PVWatts provides exactly what you're looking for.
It's a solar calculator maintained by the National Renewable Energy Lab of the U.S. Department of Energy. To use the tool:
- Enter the location of the proposed solar system. PVWatts will show you nearby weather stations for the simulation, and uses the most relevant solar irradiation data.
- Enter the system parameters. You can enter either basic info (size, orientation, angle) or provide more detail (inverter efficiency, system losses, etc). You can even draw an outline of your system on the satellite imagery of the proposed location.
The results include monthly solar radiation and AC power production values. If you included your utility rate, it will provide the value of this power as well. You can also download hourly data which includes much more detailed information on irradiance and factors such as temperature and wind speed which affect the output.
PWVatts irradiance data
PVWatts has up-to-date, high-resolution solar irradiance data is for most of North America, the northern half of South America, and the Indian subcontinent. For other parts of the world, older and less precise data sets are used which vary by location. These aren't as accurate as the NREL data, but suitable for rough estimates.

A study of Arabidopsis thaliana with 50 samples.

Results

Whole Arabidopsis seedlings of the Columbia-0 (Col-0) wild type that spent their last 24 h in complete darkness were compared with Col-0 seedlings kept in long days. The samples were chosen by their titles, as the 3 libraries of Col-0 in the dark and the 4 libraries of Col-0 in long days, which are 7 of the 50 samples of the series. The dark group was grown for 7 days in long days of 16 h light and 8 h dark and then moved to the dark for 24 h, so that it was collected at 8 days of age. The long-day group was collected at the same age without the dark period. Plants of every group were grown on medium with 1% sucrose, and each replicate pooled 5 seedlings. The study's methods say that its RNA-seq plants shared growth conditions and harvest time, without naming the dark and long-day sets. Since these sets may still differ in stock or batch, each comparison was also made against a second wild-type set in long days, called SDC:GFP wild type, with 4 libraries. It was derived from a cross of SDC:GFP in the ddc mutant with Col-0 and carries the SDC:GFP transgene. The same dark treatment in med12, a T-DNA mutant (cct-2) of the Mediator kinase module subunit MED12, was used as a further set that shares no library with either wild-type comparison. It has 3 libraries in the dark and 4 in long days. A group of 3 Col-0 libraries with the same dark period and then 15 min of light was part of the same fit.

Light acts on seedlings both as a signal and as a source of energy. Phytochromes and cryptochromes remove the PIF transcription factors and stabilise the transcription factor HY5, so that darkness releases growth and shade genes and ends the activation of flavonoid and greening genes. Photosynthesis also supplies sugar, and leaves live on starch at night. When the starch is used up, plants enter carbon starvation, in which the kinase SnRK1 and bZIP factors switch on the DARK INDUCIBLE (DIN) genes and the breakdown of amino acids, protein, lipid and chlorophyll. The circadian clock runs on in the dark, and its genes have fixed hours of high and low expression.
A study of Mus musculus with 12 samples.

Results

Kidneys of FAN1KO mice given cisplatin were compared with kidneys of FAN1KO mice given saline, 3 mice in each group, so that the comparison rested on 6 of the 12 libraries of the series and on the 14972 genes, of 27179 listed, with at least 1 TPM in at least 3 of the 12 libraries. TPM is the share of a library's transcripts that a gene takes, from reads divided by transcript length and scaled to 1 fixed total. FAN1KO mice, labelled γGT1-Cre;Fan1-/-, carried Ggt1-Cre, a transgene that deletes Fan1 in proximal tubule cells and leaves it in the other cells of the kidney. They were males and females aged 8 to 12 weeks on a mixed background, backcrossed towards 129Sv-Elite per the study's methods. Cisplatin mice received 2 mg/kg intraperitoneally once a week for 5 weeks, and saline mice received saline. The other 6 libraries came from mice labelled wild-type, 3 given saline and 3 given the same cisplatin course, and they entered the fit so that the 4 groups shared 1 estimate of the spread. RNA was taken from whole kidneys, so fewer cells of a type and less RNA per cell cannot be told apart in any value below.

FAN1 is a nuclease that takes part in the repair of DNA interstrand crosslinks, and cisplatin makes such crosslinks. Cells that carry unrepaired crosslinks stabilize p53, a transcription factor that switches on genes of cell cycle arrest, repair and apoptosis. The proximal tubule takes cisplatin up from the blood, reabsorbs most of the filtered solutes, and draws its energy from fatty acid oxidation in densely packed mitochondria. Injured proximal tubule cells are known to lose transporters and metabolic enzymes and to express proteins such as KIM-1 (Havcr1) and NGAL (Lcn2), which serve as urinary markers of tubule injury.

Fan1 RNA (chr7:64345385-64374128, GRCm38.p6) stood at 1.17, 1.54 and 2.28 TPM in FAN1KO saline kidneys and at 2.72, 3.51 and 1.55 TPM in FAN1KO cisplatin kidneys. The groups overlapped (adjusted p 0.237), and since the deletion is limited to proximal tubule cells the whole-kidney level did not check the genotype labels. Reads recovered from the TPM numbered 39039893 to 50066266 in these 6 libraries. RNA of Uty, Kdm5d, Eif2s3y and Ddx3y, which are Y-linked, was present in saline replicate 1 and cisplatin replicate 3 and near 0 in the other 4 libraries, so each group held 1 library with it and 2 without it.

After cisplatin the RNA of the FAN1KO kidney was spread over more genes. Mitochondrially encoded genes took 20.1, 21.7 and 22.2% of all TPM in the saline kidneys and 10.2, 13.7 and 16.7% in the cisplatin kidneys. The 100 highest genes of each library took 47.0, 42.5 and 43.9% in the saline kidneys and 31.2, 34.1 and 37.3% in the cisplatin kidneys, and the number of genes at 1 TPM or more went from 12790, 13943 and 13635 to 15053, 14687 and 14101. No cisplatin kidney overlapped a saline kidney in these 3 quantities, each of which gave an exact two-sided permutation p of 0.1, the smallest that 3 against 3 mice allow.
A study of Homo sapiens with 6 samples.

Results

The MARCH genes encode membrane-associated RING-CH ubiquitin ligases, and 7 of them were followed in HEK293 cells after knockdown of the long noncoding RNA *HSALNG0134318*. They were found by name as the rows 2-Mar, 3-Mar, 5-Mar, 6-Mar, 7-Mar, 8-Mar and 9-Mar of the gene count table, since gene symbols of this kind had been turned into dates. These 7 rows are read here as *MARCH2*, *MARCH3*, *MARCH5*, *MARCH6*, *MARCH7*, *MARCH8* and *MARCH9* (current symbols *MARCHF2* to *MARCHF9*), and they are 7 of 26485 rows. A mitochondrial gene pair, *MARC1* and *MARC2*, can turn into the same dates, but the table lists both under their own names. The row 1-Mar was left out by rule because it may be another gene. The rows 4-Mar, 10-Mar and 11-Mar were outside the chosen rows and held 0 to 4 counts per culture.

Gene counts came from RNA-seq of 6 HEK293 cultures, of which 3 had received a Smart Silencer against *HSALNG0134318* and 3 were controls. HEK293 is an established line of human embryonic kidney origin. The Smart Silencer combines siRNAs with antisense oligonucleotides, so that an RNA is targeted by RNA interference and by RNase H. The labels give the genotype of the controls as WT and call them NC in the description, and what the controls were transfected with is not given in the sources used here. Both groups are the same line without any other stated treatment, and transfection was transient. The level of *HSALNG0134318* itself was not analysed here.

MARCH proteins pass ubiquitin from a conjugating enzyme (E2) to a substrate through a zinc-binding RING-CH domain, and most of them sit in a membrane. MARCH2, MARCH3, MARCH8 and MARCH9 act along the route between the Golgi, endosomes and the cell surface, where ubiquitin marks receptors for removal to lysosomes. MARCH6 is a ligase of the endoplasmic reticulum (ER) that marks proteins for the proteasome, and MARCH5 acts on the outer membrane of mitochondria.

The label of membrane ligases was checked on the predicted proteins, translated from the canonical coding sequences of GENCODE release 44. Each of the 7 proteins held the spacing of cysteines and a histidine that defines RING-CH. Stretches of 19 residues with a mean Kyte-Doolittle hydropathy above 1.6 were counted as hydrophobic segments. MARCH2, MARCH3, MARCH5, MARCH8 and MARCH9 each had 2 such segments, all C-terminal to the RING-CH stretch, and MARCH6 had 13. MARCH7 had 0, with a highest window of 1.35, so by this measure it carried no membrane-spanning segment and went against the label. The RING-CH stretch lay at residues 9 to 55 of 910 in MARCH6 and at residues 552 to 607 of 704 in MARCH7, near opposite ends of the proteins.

A note on optimal angles
The reason you're getting different answers is probably because the definition of "optimal" for a given location varies according to preference. Are you looking for:
- Any easy-to-remember formula? Install the panels at latitude tilt.
- Greater energy output over the course of the year? Consider laying them a bit flatter.
- Greater power output in the winter? Lay them a bit steeper.
- Less need to clean the panels off? Steeper still.
The topic likely deserves a separate question, but for your purposes playing around with PVWatts will hopefully give you the guidance you need.